Hackers may have stolen over 200 SSL certificates

Source say DigiNotar breach generated fraudulent certs for Mozilla, Yahoo and Tor, not just Google


Schouwenberg repeated his earlier assertion that the DigiNotar hack was most likely the work of a government, either directly or through proxies it hired or supported.

"Assuming these domains [Mozilla's, Yahoo's and the Tor Project's] were indeed targeted, the most plausible explanation is that a specific government is behind this attack," Schouwenberg argued.

In that scenario, a government -- perhaps Iran's -- would use the bogus certificates to deceive users into thinking they were at a legitimate site when in fact their communications were being secretly intercepted.

On Monday, Google pointed a finger at Iran, saying that attacks using the ill-gotten google.com certificate had primarily targeted Iranian users.

Some browser makers have reacted quickly to block the use of all DigiNotar certificates.

Late Tuesday, Mozilla shipped updates for Firefox 6 and Firefox 3.6 that added DigiNotar's root certificate to those browsers' blacklists. Google has updated Chrome 13 and Chrome 14 -- the latter currently in beta testing -- to do the same.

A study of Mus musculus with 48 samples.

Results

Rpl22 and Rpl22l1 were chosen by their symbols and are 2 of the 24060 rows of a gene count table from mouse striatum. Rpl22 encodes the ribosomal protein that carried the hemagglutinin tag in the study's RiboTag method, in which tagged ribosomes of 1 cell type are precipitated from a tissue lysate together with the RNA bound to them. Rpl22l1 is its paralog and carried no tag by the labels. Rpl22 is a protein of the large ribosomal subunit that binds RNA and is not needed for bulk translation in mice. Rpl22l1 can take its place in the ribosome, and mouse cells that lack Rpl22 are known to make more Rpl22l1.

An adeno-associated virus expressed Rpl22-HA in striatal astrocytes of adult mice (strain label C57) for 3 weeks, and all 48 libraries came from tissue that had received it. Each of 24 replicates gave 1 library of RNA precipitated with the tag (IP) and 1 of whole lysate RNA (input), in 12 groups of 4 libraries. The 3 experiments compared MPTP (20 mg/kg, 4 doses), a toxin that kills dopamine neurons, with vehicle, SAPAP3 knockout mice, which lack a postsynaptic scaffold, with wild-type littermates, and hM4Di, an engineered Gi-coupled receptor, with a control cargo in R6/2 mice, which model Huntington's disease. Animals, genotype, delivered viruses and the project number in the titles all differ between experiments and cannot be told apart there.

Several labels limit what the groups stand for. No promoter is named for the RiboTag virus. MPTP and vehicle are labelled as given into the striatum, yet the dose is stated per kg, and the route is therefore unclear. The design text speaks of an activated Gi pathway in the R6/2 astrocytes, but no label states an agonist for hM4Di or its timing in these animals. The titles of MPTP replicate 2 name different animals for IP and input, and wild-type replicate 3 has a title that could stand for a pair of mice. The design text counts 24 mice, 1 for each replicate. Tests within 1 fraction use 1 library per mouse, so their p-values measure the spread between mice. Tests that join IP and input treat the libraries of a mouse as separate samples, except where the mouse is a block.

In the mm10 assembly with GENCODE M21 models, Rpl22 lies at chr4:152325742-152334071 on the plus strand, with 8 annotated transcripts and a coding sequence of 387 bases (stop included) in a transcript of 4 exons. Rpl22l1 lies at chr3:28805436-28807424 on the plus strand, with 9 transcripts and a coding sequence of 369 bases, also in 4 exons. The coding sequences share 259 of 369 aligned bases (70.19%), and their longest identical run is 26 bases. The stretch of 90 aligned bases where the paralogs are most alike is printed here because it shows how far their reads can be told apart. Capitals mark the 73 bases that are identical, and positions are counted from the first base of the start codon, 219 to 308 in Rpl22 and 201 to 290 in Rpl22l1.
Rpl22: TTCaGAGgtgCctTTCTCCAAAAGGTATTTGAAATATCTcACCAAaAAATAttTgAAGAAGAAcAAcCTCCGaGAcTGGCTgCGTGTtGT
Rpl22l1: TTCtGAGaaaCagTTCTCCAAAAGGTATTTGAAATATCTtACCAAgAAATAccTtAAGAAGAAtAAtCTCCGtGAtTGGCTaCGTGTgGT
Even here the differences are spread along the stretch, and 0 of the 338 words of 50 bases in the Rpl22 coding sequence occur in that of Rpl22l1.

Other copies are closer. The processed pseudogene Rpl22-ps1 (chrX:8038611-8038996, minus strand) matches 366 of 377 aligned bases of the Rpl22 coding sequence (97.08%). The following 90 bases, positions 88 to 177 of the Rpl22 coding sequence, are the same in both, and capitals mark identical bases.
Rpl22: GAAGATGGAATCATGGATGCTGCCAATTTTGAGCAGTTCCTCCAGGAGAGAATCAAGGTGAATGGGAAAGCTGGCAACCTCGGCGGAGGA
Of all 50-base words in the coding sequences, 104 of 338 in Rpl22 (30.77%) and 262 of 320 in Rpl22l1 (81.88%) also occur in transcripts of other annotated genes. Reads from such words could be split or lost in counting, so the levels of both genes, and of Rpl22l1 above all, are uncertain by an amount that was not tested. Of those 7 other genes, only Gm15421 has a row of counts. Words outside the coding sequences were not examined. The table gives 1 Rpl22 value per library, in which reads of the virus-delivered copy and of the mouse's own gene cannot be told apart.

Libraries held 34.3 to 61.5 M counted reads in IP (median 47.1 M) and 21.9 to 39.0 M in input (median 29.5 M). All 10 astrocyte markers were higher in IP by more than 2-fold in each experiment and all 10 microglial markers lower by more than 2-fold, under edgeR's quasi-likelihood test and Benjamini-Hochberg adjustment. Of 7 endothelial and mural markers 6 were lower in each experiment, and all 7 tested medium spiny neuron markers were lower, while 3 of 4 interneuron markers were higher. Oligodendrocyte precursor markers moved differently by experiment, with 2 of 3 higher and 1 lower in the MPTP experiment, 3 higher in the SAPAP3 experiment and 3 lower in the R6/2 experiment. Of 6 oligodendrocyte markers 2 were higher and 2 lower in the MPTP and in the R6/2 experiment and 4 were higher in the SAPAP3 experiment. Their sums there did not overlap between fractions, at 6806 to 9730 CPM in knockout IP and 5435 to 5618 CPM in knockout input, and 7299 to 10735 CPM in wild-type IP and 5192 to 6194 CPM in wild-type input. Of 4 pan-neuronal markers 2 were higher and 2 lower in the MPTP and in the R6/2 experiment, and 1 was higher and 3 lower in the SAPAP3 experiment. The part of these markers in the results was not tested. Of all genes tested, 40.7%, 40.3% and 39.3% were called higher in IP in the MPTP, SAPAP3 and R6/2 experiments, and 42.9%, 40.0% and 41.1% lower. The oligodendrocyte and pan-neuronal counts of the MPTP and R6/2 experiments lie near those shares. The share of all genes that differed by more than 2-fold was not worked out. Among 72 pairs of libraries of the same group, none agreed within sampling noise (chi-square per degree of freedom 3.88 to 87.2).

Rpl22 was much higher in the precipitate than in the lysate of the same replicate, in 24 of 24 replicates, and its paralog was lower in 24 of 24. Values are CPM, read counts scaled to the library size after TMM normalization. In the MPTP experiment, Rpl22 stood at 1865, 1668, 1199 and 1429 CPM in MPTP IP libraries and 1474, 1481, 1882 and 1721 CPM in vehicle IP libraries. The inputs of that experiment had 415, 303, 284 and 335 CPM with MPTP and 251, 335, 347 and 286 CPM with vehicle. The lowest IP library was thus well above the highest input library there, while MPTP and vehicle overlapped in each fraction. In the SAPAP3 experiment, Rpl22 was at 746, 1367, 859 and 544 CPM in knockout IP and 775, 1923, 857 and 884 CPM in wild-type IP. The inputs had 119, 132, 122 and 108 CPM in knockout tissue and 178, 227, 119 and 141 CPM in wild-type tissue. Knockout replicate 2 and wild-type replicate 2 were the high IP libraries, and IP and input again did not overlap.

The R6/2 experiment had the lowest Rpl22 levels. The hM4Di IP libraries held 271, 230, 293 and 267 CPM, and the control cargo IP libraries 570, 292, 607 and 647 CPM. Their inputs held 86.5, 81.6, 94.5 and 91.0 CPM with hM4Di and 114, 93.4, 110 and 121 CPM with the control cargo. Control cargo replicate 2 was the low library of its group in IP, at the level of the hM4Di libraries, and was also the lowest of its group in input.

Meanwhile, Microsoft has nuked all DigiNotar certificates by adding the Dutch company's root to its list of banned certificates in Windows Vista, Windows 7, Server 2008 and Server 2008 R2.

Users running Windows XP or Server 2003, however, remain at risk: Microsoft said it would address those editions with a "future update" but did not set a timetable.

"There is a whole list of fail here," said Wisniewski about the hack and DigiNotar's response. "A [certificate authority's] obligation is to step up and disclose problems like this, or trust just goes out the window."

Van de Looy hoped that DigiNotar would eventually come clean.

"Currently, investigators of [the] renowned company Fox-IT are investigating the servers of DigiNotar and their report will hopefully reveal additional information on the how, when and what of this significant event," said Van de Looy.

DigiNotar has retained Fox-IT, a Dutch digital forensics firm, to audit its systems and investigate the July hack.

Gregg Keizer covers Microsoft, security issues, Apple, Web browsers and general technology breaking news for Computerworld. Follow Gregg on Twitter at @gkeizer, or subscribe to Gregg's RSS feed . His e-mail address is gkeizer@ix.netcom.com.

Copyright © 2011 IDG Communications, Inc.